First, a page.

Booklet cover showing a wagon train. Can you imagine the dirt and dust everything must have been coated with? Yeach!
One of the interesting little tidbits I found that I have to say I never really thought about. It reads:
Toilet facilities along the trail were nothing more than communal ditches. The full skirts worn by most pioneer woman acted as shields or " curtains of modesty" for this purpose. Now you know why they continued to wear long skirts instead of the more comfortable and convenient bloomer outfit! Gack!
My little booklet fits behind my grandmother's homestead which I have made into a pocket for that purpose.
I also included a quote from one of the pioneering books that I read. I believe that its from one of the woman's diaries:
It reads:" We finally reached our new home. Out here on the lonely prairie we reached to the stars through the wilderness."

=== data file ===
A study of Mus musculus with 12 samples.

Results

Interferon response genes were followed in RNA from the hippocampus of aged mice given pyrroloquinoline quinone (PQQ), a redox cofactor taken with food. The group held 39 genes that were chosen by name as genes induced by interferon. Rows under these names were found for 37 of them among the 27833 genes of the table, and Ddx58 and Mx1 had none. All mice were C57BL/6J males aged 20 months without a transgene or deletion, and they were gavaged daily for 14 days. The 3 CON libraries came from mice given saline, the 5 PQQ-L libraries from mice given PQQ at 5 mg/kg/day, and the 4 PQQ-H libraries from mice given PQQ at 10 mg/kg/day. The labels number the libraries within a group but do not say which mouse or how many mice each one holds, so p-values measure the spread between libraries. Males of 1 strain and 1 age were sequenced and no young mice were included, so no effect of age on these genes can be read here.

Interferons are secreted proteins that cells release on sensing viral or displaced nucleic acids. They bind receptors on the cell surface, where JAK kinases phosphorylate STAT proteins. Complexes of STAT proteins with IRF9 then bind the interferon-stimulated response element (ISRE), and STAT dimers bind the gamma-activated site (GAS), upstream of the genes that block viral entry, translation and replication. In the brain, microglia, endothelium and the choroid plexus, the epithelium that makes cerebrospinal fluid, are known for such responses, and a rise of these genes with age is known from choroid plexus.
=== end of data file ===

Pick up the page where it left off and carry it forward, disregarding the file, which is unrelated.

You can see my last spread above. Again I wanted the viewer to feel the breathe and emptiness of the prairie. I also wanted to emphasize how lonely it must have been for a woman particularly a woman alone miles away from the nearest town or homestead. The text is from one of my favorite Louis Lamour westerns. It reads: The wind whipped her skirt, and she saw one of the silent riders of the wind (a tumbleweed) roll by not very far away.
Maybe...off to the south somewhere...maybe there was somebody down there as lonely as she was, somebody whose thoughts reached out into the emptiness of the night, longing, yearning... alone. By the way 15% percent of the Homesteaders were woman alone either single or widowed. If your husband died along the trail a woman was expected to continue.
One of the things I realized after all the research I did for these spreads was that feminism had its roots right here. As woman traveled west it was necessary for them to step out of their traditional role for the first time. For the first time a woman was expected to do much more than just cook and clean. They also tended the stock, harnessed the wagon teams, and even branded their own cattle .
I feel proud that I am the ancestor of such brave and resilient people. I feel humbled by their strength and determination. I only hope that in some small way I can live up to the hardships they endured so that their children and their children's children could find a better life.